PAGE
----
Following the announcement by Israeli cable operator YES that it plans to drop CNN International from its programming by year's end, one leading communications professor is warning that the move signals a massive shift in Israel's broadcast media landscape.

"This is typical of the way 'media economics' works today," explains Sam Lehman-Wilzig, deputy director of Bar-Ilan University's School of Communication in Ramat Gan, and a former resident of New York City who immigrated to Israel in 1977. "Content is no longer measured by its intrinsic journalistic or quality value, but rather by whether it maximizes profits."

YES announced last week that it will not renew its contract to broadcast CNN at the end of the year, and "is looking into alternatives for the channel," according to statement released to Haaretz. The decision would appear to sound the death knell for the network's presence in Israel after it has been a fixture on its cable programming for two decades.

Last year, competing Israeli cable operator HOT also dropped the U.S. news network from its palette of American and European news channels, citing a contractual dispute. It had previously dropped the channel in 2007 but later brought it back in 2009.

With CNN apparently on its way out, Lehman-Wilzig says cable TV customers seeking an alternative American news channel will have to choose between polar opposites in terms of their political slants, Fox News and MSNBC.

"So the question becomes: What takes its place?" asked Lehman-Wilzig. "If [it is] either MSNBC or Fox - but not both - then the public will get an ideologically distorted picture of the world, left-wing and right-wing, respectively. ... Israelis will be left with a picture of either 'The world supports us' - Fox - or 'The world is against us' - MSNBC. That's the real damage here, a distorted picture of the way we are viewed by the world."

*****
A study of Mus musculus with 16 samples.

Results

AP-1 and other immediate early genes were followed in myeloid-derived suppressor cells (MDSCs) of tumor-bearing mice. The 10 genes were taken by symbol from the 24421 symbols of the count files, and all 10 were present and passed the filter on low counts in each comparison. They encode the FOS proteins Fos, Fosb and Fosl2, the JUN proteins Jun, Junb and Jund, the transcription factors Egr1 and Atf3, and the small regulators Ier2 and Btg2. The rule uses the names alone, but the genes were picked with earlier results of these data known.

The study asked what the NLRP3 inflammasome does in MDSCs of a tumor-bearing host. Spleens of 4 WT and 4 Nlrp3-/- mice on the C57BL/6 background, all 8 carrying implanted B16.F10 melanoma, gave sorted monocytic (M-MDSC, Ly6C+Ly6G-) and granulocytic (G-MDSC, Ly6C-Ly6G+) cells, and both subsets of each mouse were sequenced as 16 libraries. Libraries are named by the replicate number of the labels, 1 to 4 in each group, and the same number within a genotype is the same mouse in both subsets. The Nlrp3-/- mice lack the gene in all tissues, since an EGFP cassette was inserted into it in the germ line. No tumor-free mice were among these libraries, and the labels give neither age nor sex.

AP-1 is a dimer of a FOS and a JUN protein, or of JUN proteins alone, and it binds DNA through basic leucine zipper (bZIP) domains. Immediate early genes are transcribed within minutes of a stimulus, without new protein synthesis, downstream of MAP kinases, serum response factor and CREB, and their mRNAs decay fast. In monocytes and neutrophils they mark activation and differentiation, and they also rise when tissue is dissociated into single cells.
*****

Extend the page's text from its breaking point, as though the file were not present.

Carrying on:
CNN said in a statement that it is "exploring the way we deliver our news in Israel."

CNN, founded in 1980 by media mogul Ted Turner, has played a significant cultural role in Israel over the years, notes Lehman-Wilzig, citing as an example the enduring image of correspondent Peter Arnett reporting from the rooftops of Baghdad as Scud missiles were being fired into Israel's cities during the 1991 Gulf War.

"This was the first "made-for-TV war," he says. "The general public received information and footage of the war at the same time that the U.S. president, George Bush, Sr., did. No longer would the political and military authorities have time to react to public pressure during wartime."

In a related programming development, YES confirmed to Haaretz yesterday that it also plans to drop the the BBC Entertainment Channel by year's end and replace it "with one of the world's largest content channels," though YES would not say which one. The BBC channel will remain available via HOT.